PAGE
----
Baton Rouge police officer who shot Alton Sterling reportedly fired as new video is released


The department had originally said Salamoni’s body camera fell off during the shooting and did not capture the shooting. But the body camera footage released Friday shows Salamoni pulling his gun on Sterling and yelling profanities at him only moments after arriving on the scene.

“Don’t move or I’ll shoot your fucking ass, bitch,” Salamoni says. “Put your fucking hands on the car or I’m going to shoot your fucking head!”

Warning: The following video contains graphic content. 

 

Howie Lake II, the other officer involved, has been suspended for three days without pay “for losing his temper” during the July 2016 incident, CNN reported.

New video from Lake’s body camera shows a struggle ensue after Lake tries to get Sterling to put his hands on the hood of a car. As the officers tackle Sterling to the ground and shock him with a stun gun, a voice, presumably Salamoni’s, yells, “He’s got a gun!” before gunshots are heard.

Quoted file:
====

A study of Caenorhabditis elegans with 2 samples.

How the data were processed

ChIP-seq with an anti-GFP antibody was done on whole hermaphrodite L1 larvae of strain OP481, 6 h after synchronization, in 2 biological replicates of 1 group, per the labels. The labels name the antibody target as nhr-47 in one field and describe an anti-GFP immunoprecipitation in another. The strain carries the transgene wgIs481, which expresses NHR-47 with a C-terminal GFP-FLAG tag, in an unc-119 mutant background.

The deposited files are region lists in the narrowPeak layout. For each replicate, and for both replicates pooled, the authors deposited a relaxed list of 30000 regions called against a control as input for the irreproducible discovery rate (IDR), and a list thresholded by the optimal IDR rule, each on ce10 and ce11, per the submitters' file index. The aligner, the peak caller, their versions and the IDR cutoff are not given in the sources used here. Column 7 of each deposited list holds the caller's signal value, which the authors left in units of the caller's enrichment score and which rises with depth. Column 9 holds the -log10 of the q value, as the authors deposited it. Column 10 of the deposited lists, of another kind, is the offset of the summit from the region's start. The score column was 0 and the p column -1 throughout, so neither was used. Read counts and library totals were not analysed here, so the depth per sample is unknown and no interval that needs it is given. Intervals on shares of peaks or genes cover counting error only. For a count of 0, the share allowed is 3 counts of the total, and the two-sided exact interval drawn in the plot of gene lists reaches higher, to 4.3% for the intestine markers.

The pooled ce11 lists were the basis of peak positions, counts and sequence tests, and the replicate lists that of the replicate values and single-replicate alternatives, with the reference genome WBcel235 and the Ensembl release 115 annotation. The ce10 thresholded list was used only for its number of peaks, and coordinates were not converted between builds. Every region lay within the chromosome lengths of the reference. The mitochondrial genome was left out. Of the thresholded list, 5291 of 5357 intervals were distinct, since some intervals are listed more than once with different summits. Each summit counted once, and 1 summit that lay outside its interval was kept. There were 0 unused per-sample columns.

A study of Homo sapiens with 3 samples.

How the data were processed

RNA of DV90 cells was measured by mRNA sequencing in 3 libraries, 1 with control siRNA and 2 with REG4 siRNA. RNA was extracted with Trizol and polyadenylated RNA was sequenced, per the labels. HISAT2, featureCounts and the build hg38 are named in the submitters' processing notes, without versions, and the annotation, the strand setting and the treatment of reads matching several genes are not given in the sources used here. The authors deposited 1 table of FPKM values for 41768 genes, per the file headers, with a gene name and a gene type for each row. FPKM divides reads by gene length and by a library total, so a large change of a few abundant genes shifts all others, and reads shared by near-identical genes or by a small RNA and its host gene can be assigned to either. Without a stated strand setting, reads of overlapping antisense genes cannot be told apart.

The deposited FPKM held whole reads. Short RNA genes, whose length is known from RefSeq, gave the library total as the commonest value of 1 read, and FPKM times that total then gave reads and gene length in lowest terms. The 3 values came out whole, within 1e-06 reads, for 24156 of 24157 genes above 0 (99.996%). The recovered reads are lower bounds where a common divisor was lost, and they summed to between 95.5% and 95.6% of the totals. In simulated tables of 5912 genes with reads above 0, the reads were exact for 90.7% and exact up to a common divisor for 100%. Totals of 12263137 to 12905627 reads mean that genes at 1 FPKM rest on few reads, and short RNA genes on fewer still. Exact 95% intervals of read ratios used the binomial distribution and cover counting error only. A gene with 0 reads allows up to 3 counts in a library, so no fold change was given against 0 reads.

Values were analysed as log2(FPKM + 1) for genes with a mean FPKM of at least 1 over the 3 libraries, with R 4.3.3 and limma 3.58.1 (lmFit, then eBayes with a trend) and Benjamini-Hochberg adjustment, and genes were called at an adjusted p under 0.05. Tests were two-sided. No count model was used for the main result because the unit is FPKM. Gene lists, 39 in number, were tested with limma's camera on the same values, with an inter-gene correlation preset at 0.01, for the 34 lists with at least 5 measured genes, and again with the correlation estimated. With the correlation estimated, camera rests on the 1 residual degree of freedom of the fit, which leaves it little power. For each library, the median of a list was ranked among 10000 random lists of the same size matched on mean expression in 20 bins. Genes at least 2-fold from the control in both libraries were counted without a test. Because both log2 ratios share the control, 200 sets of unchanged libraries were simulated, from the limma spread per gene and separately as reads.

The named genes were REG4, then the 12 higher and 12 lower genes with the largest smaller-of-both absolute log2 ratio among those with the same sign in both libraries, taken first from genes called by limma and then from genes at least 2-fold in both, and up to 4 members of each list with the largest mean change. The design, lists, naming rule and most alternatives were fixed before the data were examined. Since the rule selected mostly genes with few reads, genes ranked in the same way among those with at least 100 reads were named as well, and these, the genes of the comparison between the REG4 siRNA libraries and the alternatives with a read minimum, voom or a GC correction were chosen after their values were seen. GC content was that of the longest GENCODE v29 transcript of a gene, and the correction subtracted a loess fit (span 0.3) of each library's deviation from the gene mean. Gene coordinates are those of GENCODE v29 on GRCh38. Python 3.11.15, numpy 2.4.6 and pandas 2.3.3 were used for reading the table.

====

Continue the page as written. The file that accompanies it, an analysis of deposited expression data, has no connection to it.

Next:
The release of the footage and news about the officers comes three days after Louisiana officials said Salamoni and Lake would not face criminal charges.

Sterling’s death sparked nationwide outrage, prompting #BlackLivesMatter protests across the nation during heightened tensions around police brutality and police shootings of Black men. A viral cell phone video showed the officers tackling Sterling the ground before shooting him.

H/T CNN

Kris Seavers

Kris Seavers

Kris Seavers is the Evening Editor for the Daily Dot, where she covers breaking news, politics, and LGBTQ issues. Her work has appeared in Central Texas publications, including Austin Monthly and San Antonio Magazine, and on NPR.